Dototot • Engaging Education

How to Compile a Stop Motion Animation Image Sequence with avconv

  • tutorial
  • By Jay Nielsen

Now that you’ve captured all of your stop motion animation frames with Entangle, it’s time to compile your images into a video. You should have a folder located at ~Pictures/capture that is chock full of images labeled “capturexxxxxx.jpg”. This is perfectly formatted for feeding an image sequence into avconv, but remember we made mistakes and deleted files along the way, so there are gaps in our image sequence. We’ll need to install a bulk rename utility like pyRenamer to correct them.

sudo apt-get install pyrenamer

In pyRenamer, navigate to the folder containing your captured images. Select all of the images by clicking on any one file name and pressing control + a. Change the “renamed file name pattern” to “frame{num6}.jpg” (without the quotes), preview your changes, then commit them with the “Rename” button.


With our image files renamed, we are nearly ready to compile them into a video. First we need to decide how to crop our video. Unless you set your camera to shoot in a standard video frame size, you’ll need to adjust the crop manually. These next few steps require some command line magic, so it may look scary, but it’s pretty straightforward. The easiest way I’ve found to determine the crop parameters is with Gimp, so open any one of your frames in Gimp. With the crop tool selected, check the “Fixed” option and set it to “Aspect ratio”. For the sake of demonstration, I’m assuming we are going to output a 1080p video, so in the field just below the “Fixed” checkbox, enter “16:9”.

gimp crop settings

Drag out a selection on the image for the crop you intend to use for your video, but don’t execute the crop.

gimp crop

Back in the tool options panel is a bunch of useful information that we’ll need for our avconv parameters.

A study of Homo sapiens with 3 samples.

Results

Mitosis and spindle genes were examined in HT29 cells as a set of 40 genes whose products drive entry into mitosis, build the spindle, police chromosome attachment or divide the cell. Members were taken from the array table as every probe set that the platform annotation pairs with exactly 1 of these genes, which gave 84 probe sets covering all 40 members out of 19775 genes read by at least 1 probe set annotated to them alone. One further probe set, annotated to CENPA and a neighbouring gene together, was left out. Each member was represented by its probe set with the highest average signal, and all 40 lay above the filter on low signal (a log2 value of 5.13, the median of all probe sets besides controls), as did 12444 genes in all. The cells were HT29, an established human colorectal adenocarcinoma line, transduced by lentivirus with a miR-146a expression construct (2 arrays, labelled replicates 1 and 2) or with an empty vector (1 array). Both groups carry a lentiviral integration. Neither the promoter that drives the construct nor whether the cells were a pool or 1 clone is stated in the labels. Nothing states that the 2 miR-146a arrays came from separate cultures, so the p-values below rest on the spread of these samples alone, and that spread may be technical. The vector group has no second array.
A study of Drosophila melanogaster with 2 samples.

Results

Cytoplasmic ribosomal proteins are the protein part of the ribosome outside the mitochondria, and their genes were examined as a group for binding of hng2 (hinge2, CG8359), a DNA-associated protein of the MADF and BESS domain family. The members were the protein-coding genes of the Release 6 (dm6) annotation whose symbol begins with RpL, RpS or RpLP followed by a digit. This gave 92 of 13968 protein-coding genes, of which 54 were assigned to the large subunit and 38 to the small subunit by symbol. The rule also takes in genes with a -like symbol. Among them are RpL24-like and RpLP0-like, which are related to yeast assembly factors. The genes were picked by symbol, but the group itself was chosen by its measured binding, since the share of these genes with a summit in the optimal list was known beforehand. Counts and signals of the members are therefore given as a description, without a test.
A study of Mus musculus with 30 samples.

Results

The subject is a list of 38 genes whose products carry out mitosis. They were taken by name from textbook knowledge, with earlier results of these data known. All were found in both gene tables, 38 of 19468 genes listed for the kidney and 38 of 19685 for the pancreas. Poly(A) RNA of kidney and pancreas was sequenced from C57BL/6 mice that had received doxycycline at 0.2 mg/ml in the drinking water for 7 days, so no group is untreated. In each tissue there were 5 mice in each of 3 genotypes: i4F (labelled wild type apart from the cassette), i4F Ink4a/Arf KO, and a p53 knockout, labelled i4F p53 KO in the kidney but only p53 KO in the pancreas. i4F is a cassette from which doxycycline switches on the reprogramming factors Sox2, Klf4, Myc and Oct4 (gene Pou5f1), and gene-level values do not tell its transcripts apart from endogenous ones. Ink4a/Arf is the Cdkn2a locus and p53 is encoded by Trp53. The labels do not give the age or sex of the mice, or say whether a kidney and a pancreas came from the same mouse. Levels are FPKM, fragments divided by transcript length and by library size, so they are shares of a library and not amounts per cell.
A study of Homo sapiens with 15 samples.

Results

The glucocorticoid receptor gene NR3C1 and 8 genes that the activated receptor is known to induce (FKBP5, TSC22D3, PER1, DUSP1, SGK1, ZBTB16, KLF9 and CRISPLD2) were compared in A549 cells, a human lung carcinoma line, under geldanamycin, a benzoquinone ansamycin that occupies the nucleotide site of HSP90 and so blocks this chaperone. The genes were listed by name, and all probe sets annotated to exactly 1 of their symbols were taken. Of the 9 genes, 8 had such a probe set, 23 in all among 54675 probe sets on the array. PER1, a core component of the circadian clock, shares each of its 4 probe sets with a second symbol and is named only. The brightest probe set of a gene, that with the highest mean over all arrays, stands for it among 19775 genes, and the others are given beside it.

gimp crop parameters

Put Gimp aside and navigate to your capture folder via the command line.

cd ~Pictures/capture

The time for compiling our animation is now! I don’t want you to freak out, but our avconv command looks like this:

avconv -f image2 -r 12 -i frame%06d.jpg -vf crop=4663:2623:289:448,scale=1920:1080,vflip,hflip -r:v 29.976 -c:v libx264 -qp 0 -preset veryslow -an "animation.mkv"

Generally when converting input with avconv, you would only need to specify the path to the file with the -i parameter. With image sequences, we need to supply a little more information.

-f Indicates that the input is an image sequence.

-r is the input framerate. So if you were shooting for 24 frames per second, you would put 24 here. You may want to try compiling several times at different input frame rates to find the one that suits your animation best.

-i is the naming scheme for your image sequence. “frame%06d.jpg” tells avconv that your files all begin with the word “frame” followed by a sequential number that is six digits long and contains leading zeros, and ends with “.jpg”.

The -vf parameter is a comma separated list of video filters. This is where the real magic happens. First we need to crop the image using the data we gathered with Gimp’s crop tool. The format of the crop filter is “crop=output width:output height:x:y. The output width and height are the “size” parameters from Gimp’s crop tool, and the x and y are the “position” parameters. So based on the crop settings I chose in Gimp, my avconv crop filter would be crop=4663:2623:289:448.

Surely you noticed that the output width and height are rather large. Normally I would set the video size with the -s:v parameter, but it doesn’t play nice with the crop filter, so we’ll need to use a scale filter to properly size the output. This one is pretty straightforward, it’s formated as “scale=output width:output height”. Since we are outputting our video to 1080p, the scale filter would be “scale=1920:1080”.

If you used the upside down method, you’ll also need to tack on the “vflip” and “hflip” parameters. These flip your output video vertically and horizontally, essentially rotating it 180 degrees.

The remaining parameters are for your video codec. You could set these to anything you want, but I chose to export a lossless, x264 encoded mkv file at 29.976 frames per second.

Now for the best part… watching our animations! How did yours turn out?